This section contains a basic description of treatments. The other topics covered in this chapter contain more complex treatment information for those who create and change treatments in Genesys Administrator.

A Treatment object tells Outbound Contact Server (OCS) how to respond to an unsuccessful call result (a call that does not reach the intended party).

A treatment sequence (sometimes called a linked sequence) is a general term describing a series of treatment actions, each assigned a unique sequence number -- and applied to the same unsuccessful call result.

After Treatment objects are created and then applied to Calling List objects in Genesys Administrator, a treatment processing method is implemented by the treatment_sched_threshold option.

Outbound Contact Server stores the information that is required to restore the treatment application sequence properly in a dedicated treatments field for each chain. This information is stored as a string in the following format:
<CfgTreatment DBID>@lgt;Cycle attempt number>@<Chain number>@<Treatment sequence number>
where:

  • <CfgTreatment DBID> is the DBID of the last treatment applied.
  • <Cycle attempt number> is the number of cycle attempts within the current treatment starting from 1.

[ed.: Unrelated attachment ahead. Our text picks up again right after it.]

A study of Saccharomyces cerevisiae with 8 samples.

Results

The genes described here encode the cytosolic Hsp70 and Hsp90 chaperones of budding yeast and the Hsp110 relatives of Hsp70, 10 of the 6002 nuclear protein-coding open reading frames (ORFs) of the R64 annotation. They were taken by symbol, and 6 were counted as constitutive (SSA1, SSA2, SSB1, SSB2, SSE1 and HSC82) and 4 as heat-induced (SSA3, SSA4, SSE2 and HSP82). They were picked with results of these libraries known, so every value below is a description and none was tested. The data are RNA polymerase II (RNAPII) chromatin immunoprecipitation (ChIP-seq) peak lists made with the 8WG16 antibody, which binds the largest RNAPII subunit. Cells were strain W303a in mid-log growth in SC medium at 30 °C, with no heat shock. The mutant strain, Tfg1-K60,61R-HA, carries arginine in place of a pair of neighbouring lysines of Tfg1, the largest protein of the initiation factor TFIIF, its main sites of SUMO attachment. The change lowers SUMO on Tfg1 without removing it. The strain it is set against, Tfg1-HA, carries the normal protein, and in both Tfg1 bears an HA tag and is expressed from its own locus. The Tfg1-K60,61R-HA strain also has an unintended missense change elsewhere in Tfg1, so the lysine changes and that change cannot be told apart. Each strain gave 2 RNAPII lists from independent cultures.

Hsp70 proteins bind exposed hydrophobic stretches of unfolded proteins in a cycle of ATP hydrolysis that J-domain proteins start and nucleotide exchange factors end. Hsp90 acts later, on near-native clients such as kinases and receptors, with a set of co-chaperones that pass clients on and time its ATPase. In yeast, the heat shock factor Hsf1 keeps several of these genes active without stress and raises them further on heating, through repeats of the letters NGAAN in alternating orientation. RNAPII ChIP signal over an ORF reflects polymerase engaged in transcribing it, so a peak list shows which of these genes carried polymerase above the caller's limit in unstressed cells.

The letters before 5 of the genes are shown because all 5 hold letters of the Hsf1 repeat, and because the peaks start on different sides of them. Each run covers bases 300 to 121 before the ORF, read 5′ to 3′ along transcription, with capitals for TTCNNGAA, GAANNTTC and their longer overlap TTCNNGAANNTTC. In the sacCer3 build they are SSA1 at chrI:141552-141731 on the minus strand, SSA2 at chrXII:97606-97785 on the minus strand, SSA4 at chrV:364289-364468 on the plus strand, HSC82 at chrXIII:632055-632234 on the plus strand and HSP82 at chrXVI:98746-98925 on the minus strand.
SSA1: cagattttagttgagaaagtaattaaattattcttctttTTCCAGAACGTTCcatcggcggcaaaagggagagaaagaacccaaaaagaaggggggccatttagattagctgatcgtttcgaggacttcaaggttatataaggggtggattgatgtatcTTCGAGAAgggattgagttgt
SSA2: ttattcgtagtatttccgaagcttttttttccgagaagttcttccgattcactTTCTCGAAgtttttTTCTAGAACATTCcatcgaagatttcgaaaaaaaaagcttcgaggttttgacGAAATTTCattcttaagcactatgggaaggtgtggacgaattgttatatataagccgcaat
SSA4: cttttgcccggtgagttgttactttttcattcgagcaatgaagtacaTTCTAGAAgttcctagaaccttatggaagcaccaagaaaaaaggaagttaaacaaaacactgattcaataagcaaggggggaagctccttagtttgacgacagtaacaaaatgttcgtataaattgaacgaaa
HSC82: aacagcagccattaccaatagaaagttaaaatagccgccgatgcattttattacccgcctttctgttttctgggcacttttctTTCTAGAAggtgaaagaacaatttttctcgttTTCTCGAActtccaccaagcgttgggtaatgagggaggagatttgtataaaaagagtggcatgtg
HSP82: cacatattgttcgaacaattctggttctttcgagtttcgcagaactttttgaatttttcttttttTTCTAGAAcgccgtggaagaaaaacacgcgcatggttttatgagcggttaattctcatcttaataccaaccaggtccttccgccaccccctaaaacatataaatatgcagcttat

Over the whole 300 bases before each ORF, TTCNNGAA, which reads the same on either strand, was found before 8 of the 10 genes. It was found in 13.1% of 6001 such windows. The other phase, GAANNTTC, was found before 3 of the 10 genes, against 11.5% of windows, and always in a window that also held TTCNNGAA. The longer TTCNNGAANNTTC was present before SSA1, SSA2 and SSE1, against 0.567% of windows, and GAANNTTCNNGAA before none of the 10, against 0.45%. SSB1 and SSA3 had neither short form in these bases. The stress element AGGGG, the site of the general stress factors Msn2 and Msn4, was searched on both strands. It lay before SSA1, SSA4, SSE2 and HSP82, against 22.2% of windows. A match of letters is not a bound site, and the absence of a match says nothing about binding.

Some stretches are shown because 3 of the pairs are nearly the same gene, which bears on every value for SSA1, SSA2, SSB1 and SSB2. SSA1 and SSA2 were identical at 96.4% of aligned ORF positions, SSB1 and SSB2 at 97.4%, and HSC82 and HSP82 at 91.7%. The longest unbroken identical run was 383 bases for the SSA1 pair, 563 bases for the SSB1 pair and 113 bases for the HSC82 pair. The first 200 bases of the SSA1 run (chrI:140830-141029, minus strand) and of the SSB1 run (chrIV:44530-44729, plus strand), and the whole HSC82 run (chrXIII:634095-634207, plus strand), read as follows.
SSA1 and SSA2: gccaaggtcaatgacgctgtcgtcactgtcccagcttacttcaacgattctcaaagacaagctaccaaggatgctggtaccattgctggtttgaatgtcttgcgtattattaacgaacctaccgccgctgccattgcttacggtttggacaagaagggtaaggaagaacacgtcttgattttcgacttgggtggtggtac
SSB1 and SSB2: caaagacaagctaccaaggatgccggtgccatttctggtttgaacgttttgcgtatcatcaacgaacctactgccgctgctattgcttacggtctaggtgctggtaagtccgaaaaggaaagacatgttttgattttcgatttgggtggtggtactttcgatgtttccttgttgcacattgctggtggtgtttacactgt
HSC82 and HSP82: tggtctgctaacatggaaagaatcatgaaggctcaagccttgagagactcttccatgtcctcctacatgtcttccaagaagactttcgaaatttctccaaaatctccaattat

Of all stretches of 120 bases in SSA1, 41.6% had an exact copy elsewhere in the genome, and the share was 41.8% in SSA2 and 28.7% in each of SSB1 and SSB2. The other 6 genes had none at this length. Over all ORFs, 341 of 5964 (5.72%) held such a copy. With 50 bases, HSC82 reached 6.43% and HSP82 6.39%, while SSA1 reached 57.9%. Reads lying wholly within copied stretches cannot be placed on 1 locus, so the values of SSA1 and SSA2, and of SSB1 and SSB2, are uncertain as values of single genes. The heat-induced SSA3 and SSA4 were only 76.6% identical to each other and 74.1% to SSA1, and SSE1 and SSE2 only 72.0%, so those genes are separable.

• <chain number> is the chain number value of the record which is to be dialled when the chain is retrieved by OCS.
  • <treatment sequence number> is the number of cycle through the chain of records (for more details see Repeat the Treatment Cycle through the Chain of Records).

OCS retrieves and processes treatments history from the database only for records of types CampaignRescheduled, PersonalRescheduled, CampaignCallback, or Personal Callback. For other types of records (for example, General), the treatments history field is ignored. When the chain is selected, Outbound Contact Server retrieves information about the last applied treatment from the field treatments and use it to determine the next treatment action that should be applied.